Norti Bai isn’t your everyday sarpanch, she is a pioneer. Having led a village in Ajmer in the state of Rajasthan out of its woes over five years of a revolutionary term, it’s safe to say that this woman knows her stuff.
Her rebellious streak first showed itself in 1981, when she refused to settle for unequal wages for male and female laborers. While the men made 7 rupees per day, the women took home 3 rupees for the exact same work. She took this matter up legally and went on to win it. Soon after, someone recommended that she enter the world of information technology, to back up her resolve for bringing change. She took to the idea almost immediately, and decided to embrace a concept that was unheard of at the time.
A class 5 graduate, she took on the machine without even knowing the language it tried to assist her in. But she was relentless. Learning the alphabet just to see what every letter corresponds to in Hindi, she soon began to master the skill. She acknowledged the power housed within technology, to help her in her endeavors, and deemed it a worthy cause for her village. She set up computer training classes for girls in the village.
“Women generally avoid sending girls to school after fifth or sixth standard. But they send them to me and I teach them the basics of the computer," she said to BBC. She used the medium to map out all the water resources- tube wells and ponds- in 11 villages, which was a step towards dealing with the water crisis in the state.
And enlightenment hit, when she decided to contest for elections for her village. Upon seeking instructions and learning that anyone is allowed to contest, as long as they don’t use the government’s money to campaign, she took the decision that changed her own life and many more. An NDTV article summarizes her term, where she successfully fought the local land mafia to get a hospital constructed, ensured computer classes for girls in the local school, and had more than 3,000 trees planted by locals who were hired and paid for by the rural employment MNREGA scheme.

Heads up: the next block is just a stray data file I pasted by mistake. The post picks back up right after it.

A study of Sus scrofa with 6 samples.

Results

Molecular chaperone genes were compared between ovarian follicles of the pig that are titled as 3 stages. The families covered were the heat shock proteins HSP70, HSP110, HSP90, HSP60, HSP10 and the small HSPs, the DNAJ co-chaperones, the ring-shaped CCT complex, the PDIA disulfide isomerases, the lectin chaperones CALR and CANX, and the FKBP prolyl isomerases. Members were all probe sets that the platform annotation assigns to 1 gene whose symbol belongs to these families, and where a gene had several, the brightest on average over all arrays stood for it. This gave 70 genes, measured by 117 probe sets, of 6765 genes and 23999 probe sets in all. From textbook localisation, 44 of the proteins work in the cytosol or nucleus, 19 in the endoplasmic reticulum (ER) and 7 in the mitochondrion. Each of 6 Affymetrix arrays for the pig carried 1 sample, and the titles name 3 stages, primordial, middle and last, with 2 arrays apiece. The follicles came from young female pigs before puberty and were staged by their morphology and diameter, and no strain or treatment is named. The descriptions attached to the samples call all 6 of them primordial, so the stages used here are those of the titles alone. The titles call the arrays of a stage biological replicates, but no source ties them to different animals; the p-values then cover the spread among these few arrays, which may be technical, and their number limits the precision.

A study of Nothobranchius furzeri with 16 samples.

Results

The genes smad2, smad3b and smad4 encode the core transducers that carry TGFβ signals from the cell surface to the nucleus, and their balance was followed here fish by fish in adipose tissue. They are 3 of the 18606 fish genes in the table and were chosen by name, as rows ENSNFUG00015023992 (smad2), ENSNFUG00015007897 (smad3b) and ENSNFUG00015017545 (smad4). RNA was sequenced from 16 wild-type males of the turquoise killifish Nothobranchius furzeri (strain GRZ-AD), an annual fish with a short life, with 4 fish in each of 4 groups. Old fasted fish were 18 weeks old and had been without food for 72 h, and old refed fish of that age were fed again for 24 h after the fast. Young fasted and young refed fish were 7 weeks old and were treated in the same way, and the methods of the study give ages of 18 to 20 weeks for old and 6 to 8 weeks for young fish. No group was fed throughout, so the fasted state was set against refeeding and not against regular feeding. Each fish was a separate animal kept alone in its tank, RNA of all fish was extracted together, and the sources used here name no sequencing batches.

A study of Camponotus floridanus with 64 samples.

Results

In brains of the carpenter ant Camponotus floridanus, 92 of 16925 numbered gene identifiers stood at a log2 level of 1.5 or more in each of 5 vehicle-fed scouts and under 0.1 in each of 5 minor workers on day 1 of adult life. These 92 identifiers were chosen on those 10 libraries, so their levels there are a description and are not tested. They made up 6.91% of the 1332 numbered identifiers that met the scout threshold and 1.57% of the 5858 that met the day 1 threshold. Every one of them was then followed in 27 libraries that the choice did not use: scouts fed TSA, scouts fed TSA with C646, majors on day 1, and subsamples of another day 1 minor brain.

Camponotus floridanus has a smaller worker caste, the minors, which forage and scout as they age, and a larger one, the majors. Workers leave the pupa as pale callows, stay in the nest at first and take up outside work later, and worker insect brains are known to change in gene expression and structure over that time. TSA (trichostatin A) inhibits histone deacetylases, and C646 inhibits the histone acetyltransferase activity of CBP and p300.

And now, this super achiever might be out of a job due to no fault of her own.
A new state government ruling is in the pipeline to mandate a minimum educational qualification up to class 8. This shall invalidate the candidature of almost 75 percent of the incumbent office holders in this grass-root form of governance.
While this rule may make sense at the state and central levels, at the grass-roots level, it may create unnecessary barriers to good governance.
For the current set of aspirants, back in their day, education wasn’t as accessible as it is today. In fact, Rajasthan still has a literacy rate of just 45 percent.
Picture By: Digital Empowerment Foundation
This will exclude the excluded even more. This move is anti-poor and anti-Dalit. If you were not able to go to school in your childhood but you wanted to, the government is ensuring that you are being punished for it now. It's unconstitutional. It takes away every one's fundamental rights to stand for elections," said Nikhil Dey, a famous social activist who is a strong critic of the ruling.
As for Norti Bai, her 50 year experience with her village trumps a formal education fair and square. "I have done that kind of work in 50 years that people who are educated could never do, after all you have to live in people's hearts. Those who are poor themselves they understand the plight of the poor and they can work for the downtrodden. The government should think before they exclude people like me from Panchayat elections," says Norti Bai to NDTV.
Nearly one lakh panchayats will go for electuions in Rajasthan between January 16 and 30. The executive order has to be cleared by the state legislature within 6 months of its next session, which starts in March. What is noteworthy, is that this sort of a mandate doesn’t even exist at the state level, where nearly 23 MLAs do not have a class 10 certificate. It now remains to be seen whether the credentials of leaders like Norti Bai crumble in the might of political barriers. What is certain though, is that the movement is gaining enough mileage to not go down without a fight.